Covington Catholic teen sues Washington Post for $250 MILLION


A lawsuit filed on the behalf of Nicholas Sandmann, a Covington Catholic High School student, is seeking $250 million in damages from the Washington Post, according to the website for the Hemmer DeFrank Wessles law firm.

It added, "The Post ignored basic journalist standards because it wanted to advance its well-known and easily documented, biased agenda against President Donald J. Trump by impugning individuals perceived to be supporters of the President".

A teenager who was pictured wearing a "Make America Great Again" hat during a stand-off with a Native American activist is suing the Washington Post for defamation - to the tune of $250m.

The lawsuit, filed in Kentucky federal court, seeks $50 million in compensatory damages and $200 million in punitive damages, as well as attorneys' fees, "to deter [WaPo] from repeating such egregiously unlawful misconduct in the future".

The lawsuit says The Post "published to third parties without privilege no less than six false and defamatory articles of and concerning Nicholas, including two in its print newspaper and four online".


Nicholas Sandmann, who sued the newspaper through his parents, Ted and Julie Sandmann, became an global figure after video showed him smiling and standing face-to-face with Mr. Phillips in a crowd of students on the steps of the Lincoln Memorial.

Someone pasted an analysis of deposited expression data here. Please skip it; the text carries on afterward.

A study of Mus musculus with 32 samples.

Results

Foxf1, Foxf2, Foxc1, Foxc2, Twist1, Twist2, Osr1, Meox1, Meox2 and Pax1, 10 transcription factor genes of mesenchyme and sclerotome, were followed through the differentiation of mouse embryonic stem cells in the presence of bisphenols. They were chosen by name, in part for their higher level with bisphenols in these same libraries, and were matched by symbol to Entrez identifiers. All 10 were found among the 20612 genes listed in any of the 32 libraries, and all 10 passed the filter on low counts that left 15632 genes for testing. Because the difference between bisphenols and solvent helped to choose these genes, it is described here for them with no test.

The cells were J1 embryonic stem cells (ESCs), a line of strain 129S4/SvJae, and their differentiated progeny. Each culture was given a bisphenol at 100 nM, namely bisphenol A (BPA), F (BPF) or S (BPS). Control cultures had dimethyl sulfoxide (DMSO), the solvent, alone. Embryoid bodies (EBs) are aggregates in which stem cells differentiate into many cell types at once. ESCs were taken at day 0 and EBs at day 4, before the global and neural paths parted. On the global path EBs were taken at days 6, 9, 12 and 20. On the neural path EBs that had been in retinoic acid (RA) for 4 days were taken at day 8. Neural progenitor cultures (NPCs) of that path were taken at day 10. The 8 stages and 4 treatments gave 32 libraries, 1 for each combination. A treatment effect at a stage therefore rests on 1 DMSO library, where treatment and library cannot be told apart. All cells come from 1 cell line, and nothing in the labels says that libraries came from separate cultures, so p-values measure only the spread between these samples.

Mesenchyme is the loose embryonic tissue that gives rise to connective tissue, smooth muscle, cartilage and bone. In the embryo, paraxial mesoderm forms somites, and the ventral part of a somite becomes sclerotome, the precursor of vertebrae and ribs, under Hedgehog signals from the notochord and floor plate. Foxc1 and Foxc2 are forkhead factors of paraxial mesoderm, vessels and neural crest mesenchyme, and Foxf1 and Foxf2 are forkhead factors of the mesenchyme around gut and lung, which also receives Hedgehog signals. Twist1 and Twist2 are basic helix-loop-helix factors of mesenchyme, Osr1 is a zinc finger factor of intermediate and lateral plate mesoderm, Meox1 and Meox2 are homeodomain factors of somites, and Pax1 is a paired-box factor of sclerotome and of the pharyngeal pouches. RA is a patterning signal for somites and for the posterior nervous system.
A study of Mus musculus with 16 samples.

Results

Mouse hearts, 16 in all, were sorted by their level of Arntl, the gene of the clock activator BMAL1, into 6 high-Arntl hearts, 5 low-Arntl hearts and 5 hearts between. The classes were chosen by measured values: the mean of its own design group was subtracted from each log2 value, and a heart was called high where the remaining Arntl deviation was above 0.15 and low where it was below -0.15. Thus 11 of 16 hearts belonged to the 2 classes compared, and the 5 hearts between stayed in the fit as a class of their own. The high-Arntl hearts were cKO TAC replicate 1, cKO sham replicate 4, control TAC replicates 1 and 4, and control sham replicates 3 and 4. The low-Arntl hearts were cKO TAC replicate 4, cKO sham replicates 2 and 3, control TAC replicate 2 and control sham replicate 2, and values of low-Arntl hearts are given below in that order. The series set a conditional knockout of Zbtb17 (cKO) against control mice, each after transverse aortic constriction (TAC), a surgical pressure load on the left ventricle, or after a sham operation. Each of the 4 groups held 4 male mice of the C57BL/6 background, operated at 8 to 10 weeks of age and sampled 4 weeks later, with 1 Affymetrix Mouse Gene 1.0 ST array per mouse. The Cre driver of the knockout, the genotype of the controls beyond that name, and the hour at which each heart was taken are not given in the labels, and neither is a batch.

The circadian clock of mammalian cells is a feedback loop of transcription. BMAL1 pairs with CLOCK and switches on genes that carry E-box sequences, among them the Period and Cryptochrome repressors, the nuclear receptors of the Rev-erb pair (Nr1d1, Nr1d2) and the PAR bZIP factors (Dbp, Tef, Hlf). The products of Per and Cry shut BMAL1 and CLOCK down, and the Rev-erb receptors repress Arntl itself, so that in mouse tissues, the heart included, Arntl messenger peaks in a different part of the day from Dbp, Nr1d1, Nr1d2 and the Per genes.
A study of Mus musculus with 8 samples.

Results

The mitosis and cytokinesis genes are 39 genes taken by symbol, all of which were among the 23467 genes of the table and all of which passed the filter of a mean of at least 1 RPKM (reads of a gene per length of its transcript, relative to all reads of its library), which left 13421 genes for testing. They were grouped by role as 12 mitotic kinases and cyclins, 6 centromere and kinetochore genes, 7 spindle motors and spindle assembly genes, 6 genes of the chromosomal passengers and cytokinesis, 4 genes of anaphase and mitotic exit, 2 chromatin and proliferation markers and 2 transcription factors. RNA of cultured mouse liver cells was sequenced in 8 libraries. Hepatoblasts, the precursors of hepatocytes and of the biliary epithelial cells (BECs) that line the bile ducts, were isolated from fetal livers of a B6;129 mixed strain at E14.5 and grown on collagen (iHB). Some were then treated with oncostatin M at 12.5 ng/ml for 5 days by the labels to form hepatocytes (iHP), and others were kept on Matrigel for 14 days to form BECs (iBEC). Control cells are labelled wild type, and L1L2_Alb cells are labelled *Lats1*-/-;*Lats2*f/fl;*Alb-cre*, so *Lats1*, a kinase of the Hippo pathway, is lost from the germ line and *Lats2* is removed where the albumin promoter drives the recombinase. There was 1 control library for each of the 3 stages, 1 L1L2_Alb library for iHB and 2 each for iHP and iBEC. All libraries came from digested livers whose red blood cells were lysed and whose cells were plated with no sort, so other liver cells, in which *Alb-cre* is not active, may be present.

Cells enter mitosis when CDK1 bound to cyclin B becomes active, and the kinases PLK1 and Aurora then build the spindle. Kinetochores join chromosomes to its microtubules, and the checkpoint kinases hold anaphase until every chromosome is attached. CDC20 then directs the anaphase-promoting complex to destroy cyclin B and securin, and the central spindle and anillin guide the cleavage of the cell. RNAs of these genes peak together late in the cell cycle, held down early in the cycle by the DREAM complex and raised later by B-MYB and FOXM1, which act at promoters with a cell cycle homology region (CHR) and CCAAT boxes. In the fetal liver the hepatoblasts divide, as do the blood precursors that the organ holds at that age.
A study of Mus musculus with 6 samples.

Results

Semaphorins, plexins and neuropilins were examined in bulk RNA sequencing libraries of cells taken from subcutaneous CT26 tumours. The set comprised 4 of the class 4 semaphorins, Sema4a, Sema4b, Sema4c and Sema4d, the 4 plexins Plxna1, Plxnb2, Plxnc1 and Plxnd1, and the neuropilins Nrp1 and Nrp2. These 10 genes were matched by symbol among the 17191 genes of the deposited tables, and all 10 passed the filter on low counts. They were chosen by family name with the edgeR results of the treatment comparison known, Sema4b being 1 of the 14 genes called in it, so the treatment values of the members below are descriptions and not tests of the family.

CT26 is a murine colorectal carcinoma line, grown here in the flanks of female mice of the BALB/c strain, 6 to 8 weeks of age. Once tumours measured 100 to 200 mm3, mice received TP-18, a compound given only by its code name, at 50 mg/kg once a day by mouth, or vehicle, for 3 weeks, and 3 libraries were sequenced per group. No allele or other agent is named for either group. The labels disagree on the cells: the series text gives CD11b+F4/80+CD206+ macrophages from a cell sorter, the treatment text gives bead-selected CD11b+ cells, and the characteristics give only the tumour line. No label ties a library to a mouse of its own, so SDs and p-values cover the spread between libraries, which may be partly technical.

Washington Post spokesperson Kris Coratti told Fox News in an email that the paper was "reviewing a copy of the lawsuit, and we plan to mount a vigorous defense".

Phillips claimed in a separate video that he heard the students chanting 'build that wall, ' during the encounter, a reference to Trump's pledge to build a barrier along the USA border with Mexico. He also represented John and Patsy Ramsey in pursuing defamation claims against media outlets in connection with reports on the death of their young daughter, JonBenet.

Phillips, a Native American elder, was attending an Indigenous People's March at the National Mall at the same time. Leader Nathan Phillips, who said he believed he was witnessing a confrontation that could soon escalate, waded into the crowd of Covington students while singing and playing a traditional drum.